I Can't Think of a Catchy Title This Week: A Look at "Wedding at the Cross" by Ngugi Wa Thiong'o
Updated: Sep 22, 2020
Originally, I was going to review “Dagon” by H.P. Lovecraft this week. But given the recent murders of George Floyd, Breonna Taylor, Ahmaud Arbery, and the many others who have lost their lives in recent years, I cannot in good conscious review anything by that massive racist this week and will instead be reviewing a short story by Ngugi Wa Thiong’o.
While the Lovecraft story I was going to review is no where near the level that “The Rats in the Wall” is on, Lovecraft was still a massive racist. He wasn’t shy with his racism in both his life and his writings. Reading his work with a modern eye, the racist undertones in his stories and poems are disgusting, disturbing, and they make me uncomfortable. At the same time, there are aspects of his writing that I enjoy. Lovecraft was incredible at creating mythos and weird creatures within a few short paragraphs, he is a staple in horror literature, but that does not excuse the things that he has written regarding minorities!
Thus, I feel that it is fitting to “honor” this racist’s memory by donating to both the Black Visions Collective and the Know Your Rights Camp. I do hope Lovecraft is rolling in his grave right now. If you have the means to do so, please considering donating to a fund, nonprofit, bail fund, or campaign to help fight for radical justice.
Now onto my incoherent ramblings, insane thoughts, and poor use of commas with my review of “Wedding at the Cross” by Ngugi Wa Thiong’o.
This story focuses on two main characters: a young man and woman by the names of Wariuki and Miriamu who are in love. Naturally, there are problems keeping the pair apart. They’re a better love story than Twilight and Romeo and Juliet even though they don't have a happy ending either. As always, a spoiler alert is in order.
Miriamu comes from a “successful” Kenyan family. I put quotes around successful because while the family is wealthy, they are predominantly considered successful because the family has been colonized by the British, and that’s the reason the family is wealthy. British colonizers have told Miriamu’s father, a man who goes by the name Douglas Jones, what a successful man should be and look like. Basically, if you aren’t pretending to be British man, you aren’t and can’t be successful.
Wariuki on the other hand is considered unsuccessful because of his poverty. He has a job, but instead of saving money he decides to spend it on booze and having a fun time with friends on the weekends. This is what Miriamu loves about Wariuki. He is free, he hasn’t been colonized, he picks what he wants to do with his time and money instead of fighting to become a mirror image of the British colonizers.
It is when Wariuki asks Douglas Jones for Miriamu’s hand in marriage that things begin to change for Wariuki. Douglas, the great Christian man that he is, tells our protagonist that he shall never have Miriamu’s hand in marriage as long as he’s poor and not “bettering” himself. In response to this Miriamu and Wariuki elope, but Wariuki takes what Douglas says to heart and begins to change into a man Douglas would like.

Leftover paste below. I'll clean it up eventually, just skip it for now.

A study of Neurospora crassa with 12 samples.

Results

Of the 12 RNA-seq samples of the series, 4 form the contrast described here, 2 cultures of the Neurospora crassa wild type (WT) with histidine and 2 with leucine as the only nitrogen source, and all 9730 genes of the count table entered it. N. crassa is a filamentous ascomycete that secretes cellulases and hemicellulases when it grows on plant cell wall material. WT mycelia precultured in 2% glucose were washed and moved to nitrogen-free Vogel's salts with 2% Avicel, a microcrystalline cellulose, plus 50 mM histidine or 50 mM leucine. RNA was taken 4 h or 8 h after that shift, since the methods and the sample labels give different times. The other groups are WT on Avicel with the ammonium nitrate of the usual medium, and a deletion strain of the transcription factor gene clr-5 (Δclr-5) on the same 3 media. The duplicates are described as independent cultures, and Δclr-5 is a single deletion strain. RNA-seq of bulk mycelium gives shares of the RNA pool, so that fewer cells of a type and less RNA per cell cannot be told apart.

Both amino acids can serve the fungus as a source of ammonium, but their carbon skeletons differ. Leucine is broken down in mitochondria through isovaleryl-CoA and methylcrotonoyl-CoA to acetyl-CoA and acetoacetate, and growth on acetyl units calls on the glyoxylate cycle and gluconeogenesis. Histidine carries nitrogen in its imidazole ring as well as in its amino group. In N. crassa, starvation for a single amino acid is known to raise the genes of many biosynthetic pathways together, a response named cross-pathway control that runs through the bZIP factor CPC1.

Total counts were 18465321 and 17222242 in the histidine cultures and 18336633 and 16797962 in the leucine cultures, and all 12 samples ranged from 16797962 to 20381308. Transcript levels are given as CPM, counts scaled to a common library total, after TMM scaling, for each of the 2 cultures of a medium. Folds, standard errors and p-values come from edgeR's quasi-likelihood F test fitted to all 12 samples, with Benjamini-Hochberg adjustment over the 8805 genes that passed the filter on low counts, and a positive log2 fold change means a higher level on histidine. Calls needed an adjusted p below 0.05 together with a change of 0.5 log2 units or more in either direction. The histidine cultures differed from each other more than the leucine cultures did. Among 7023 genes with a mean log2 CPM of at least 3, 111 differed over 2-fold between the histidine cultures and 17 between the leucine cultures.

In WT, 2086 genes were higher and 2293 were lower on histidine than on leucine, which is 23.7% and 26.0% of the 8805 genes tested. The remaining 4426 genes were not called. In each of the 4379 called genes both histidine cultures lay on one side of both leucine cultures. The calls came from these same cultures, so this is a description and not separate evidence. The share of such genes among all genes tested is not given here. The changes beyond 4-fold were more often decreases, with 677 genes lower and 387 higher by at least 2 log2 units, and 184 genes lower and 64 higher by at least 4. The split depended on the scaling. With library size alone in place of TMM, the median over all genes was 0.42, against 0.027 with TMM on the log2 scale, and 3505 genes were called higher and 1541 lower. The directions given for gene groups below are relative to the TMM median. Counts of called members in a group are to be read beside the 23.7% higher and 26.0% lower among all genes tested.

Wariuki begins to not only save money to support his family, the one good thing to come out of his change, but he also begins to bounce around from job to job searching for the best paying, stable job. He doesn’t understand when others around him refuse to work for employers that treat the staff like shit. He believes that his family needs to dress in high-end clothing sold in the British run section of the town he lives in. He begins to attend a dull, shame inducing British run church that basically worships capitalism and not Christ. Miriamu choses instead to worship at a secret Christian sect that believes Christ died and suffered for the poor and offers a lively, joyous service that celebrates Christ and those who worship him.
I know, I just hit it you with a lot information in that last paragraph. It's necessary information though.
By this point in time in the story, there is a clear divide between Miriamu and Wariuki. Wariuki is still fixated on becoming a version of Douglas Jones. I want to call this a horror story because Wariuki is so brainwashed by his father-in-law into believe that you’re only worth something if you become colonized; it’s so tragic. It becomes even more so when the ending is Miriamu saying no at her vow renewal having come to terms that the man she fell in love with is gone forever.
Teach this story in schools! I found it to be so tragic and haunting. I was never taught subjects like colonization in school outside of a few main points. I’ve read a lot of post-colonialism literature in more recent years, but I would have loved if this literature was taught in high school and not just in college. Screw just teaching Shakespeare and To Kill a Mockingbird, teach students literature like this. Teach students literature not just from America or England; teach literature for countries all over the world and not just predominantly white countries.
“Wedding at the Cross” is an easy to follow piece, but it doesn’t sugar coat anything. It has showed me the issues that those who lived during and after colonialism faced in the 1900’s. And I can see how some of those ideals persist today.
Racism has persisted in society for hundreds and hundreds of years, and it needs to end. As many white people have been saying online these past few days, I understand that I will never understand, but I stand with you. That’s why I urge you, if you can, to donate to an organization, fund, campaign or all of the above that helps the Black Lives Matter movement. We are living through a tumultuous chapter in history, and I’ll be damned if I don’t stand up for what’s right.